Having a chronic illness will impact your life in many ways, and will require you to learn, adapt and problem solve along the way. Physical changes will occur, and these changes may affect your self-confidence. Your MS symptoms, such as pain, fatigue, morning stiffness and a decreased range of motion, may impact you at work and make household tasks harder to complete. You may find yourself withdrawing from friends and social activities.
There are things you can do to make your life better and cope with the challenges that MS brings, even when you are feeling well.
An MS nurse is a great asset to your healthcare team, and can not only improve your knowledge, and confidence, but also provide emotional support and help you to cope at all stages of the disease.1
Friends and family can also help. Telling people close to you that you have MS, and letting them know how it affects you, can make it easier for you to ask for practical and emotional support. Some ways that people might be able to help, if you want them to, might include:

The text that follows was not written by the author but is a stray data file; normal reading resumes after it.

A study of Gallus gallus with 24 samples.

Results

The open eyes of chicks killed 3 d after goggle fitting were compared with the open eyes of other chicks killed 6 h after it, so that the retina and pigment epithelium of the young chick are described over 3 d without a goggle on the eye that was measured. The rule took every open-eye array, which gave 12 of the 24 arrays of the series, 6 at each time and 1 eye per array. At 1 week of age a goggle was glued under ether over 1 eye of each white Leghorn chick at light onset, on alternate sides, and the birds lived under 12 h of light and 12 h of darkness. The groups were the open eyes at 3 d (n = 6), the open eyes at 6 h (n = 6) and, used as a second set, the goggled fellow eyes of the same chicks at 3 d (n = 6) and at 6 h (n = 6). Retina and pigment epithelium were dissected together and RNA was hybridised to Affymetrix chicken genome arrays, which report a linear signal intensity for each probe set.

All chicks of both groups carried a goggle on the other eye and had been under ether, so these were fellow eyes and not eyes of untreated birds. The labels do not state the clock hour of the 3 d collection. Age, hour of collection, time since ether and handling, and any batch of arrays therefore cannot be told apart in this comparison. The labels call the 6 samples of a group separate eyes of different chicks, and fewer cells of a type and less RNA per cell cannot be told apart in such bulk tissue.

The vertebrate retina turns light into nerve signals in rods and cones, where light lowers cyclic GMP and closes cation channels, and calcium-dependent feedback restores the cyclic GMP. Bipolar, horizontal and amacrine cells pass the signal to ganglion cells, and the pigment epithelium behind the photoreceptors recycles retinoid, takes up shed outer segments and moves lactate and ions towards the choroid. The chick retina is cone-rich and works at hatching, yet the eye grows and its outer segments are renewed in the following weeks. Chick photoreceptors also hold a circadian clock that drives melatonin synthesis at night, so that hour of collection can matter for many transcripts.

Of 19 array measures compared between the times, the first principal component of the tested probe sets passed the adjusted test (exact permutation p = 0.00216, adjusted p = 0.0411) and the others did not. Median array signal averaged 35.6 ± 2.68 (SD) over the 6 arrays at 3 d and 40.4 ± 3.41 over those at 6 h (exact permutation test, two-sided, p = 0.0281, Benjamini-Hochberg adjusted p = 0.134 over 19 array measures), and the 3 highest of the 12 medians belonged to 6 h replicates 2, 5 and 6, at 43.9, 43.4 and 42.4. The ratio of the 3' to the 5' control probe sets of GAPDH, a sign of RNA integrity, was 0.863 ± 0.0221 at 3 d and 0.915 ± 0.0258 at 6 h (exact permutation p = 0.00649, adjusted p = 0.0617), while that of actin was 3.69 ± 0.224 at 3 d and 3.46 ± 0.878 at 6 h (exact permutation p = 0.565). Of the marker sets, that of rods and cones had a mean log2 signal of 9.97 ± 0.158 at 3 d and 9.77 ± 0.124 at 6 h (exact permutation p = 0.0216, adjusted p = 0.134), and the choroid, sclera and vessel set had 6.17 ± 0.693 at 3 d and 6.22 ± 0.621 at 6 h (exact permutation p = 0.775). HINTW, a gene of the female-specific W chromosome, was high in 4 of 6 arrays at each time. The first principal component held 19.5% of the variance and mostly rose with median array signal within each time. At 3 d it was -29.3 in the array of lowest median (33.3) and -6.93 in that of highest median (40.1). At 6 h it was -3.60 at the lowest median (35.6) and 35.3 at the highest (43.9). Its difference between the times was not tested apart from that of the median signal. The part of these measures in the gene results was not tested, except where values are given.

- Delegating chores – If you are overwhelmed by chores and responsibilities you could ask your partner or children to help more so that you have more time to rest
- Confiding in friends or family members – Sharing your feelings, struggles, fears with a sympathetic friend or family member can help to release pent-up emotions
- Exercising – Getting active can help relieve stress and positively impact on your general wellbeing and your MS
- Practicing mindfulness and meditation – These calming activities can help you to focus and calm your mind
In this video Jemma shares how asking for help has helped her.
- Cleveland clinic. Coping with multiple sclerosis. https://my.clevelandclinic.org/ccf/media/files/Neurological-Institute/mellen-center/coping-with-ms.pdf (date of last update not specified).